THE WHITE HOUSE Conference on Families, scheduled for 1979, has been postponed until 1981. The reason was a family fight in the administration. Patsy Fleming, who works for HEW Secretary Joseph Califano, resigned as chairperson because some people objected to the fact that she was divorced and had three children. Califano, who denied he was bowing to pressure, said he would appoint a Catholic father from an intact family as co-chairperson to balance the program. This didn't sit too well with happily married Protestant and Jewish people who felt they should have as much to say as Catholics about the role of the family in American society.
The only reason the conference was scheduled in the first place is that President Carter, in a rash campaign promise, vowed to hold one if elected.
I suspect President Carter would like to forget the whole thing, but he's stuck with it. I have a solution to the president's problem that would cost the taxpayers nothing and keep the conference from turning into a religious, ethnic and sociological brawl.
Every day, lined up around the White House, at least a thousand tourists are waiting to get in. They include a cross-section of Americans from every state - middle-class people, poor people, white people, black people, Chicanos, Indians and Orientals. Some are families with mother and father in attendance others are divorced people with their children: still others are grandparents. Everyone in line has a family of some sort or they wouldn't be there.
On a rainy day, which would not be announced in advance, the line, instead of moving through the public rooms and then being shuffled out into the street again, would be escorted into the East Room of the White House. There they would be given badges by Hamilton Jordan and seated in gilt chairs.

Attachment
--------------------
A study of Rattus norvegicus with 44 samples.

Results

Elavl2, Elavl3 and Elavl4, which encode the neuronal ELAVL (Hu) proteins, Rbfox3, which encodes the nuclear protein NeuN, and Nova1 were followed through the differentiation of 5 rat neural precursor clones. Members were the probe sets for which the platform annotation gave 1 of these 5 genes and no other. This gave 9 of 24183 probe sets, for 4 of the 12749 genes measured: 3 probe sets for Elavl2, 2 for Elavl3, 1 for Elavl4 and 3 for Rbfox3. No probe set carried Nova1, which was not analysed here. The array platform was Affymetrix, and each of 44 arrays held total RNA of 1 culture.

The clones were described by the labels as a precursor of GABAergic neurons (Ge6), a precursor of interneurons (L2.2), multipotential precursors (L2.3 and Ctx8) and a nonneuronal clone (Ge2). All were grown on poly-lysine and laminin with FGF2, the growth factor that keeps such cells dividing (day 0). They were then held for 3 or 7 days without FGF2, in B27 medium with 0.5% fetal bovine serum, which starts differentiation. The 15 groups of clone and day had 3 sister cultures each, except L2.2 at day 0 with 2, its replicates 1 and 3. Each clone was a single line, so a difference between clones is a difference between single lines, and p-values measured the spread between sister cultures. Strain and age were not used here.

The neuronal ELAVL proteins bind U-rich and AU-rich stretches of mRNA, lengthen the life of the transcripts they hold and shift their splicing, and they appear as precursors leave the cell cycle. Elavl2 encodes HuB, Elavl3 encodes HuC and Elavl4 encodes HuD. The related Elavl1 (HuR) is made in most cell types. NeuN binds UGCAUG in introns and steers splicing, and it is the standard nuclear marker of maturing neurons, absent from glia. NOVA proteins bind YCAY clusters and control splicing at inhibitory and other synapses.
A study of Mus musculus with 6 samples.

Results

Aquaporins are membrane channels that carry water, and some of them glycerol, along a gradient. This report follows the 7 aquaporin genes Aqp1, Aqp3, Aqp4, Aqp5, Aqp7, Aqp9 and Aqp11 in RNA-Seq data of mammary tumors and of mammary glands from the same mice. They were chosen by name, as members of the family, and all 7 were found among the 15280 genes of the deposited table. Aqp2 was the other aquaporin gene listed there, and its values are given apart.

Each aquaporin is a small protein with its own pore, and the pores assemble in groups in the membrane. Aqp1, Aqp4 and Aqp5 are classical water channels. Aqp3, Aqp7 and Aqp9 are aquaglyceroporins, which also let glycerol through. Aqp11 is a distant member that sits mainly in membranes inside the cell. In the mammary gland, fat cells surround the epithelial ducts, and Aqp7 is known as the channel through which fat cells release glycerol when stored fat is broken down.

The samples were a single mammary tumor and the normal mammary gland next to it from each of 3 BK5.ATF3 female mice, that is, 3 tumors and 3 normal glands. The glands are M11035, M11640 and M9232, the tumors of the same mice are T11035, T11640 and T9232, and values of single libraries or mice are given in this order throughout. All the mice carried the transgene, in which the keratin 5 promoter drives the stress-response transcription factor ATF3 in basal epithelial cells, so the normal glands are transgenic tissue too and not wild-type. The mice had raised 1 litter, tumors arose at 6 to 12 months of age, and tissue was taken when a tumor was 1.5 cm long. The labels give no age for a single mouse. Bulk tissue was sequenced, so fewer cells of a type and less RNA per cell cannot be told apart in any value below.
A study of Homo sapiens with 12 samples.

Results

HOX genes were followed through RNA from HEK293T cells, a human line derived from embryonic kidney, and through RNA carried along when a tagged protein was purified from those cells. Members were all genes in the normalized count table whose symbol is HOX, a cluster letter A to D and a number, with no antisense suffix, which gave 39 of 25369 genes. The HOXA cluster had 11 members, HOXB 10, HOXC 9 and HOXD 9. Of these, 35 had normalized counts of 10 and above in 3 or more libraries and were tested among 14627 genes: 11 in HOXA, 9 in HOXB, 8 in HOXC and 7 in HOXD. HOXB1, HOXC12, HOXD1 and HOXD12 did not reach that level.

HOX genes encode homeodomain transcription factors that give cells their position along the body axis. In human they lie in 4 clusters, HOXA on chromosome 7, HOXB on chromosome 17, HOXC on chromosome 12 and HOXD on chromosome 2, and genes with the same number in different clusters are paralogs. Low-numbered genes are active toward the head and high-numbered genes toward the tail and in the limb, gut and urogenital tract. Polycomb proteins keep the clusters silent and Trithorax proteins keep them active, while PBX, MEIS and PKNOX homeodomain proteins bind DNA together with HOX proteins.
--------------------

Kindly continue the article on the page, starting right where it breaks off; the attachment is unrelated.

Califano would announce he was swearing them in as delegates to the White House Conference on Families. He would ask for suggestions on how the government could improve the health, education and welfare of the family.
The tourists could all have their say. A divorced person might ask for more alimony; a brother might ask the government to do away with sisters; a middle-class family might ask for larger tax credits for education; an unmarried couple with children could ask for a presidential pardon.
The session would be transcribed by an HEW secretary.
After an hour Califano would adjourn the meeting, thanking everybody for their time, and announce that as a surprise treat Amy Carter and her class would do a clog dance for them.
Then they would all be given a tiny bottle of Amaretto by Jordan as a sourvenir, as they were quickly shown out to Pennsylvania Avenue.
Califano would have the transcript typed up and printed. The first copy would be presented to President Carter on television, and he would hold it up to show that no matter what obstacles he faced he once again kept one of his most important campaign promises.
With the White House Conference on Families out of the way, everyone in the administration could devote their full energies once again to figuring out how to get the Cubans out of Angola.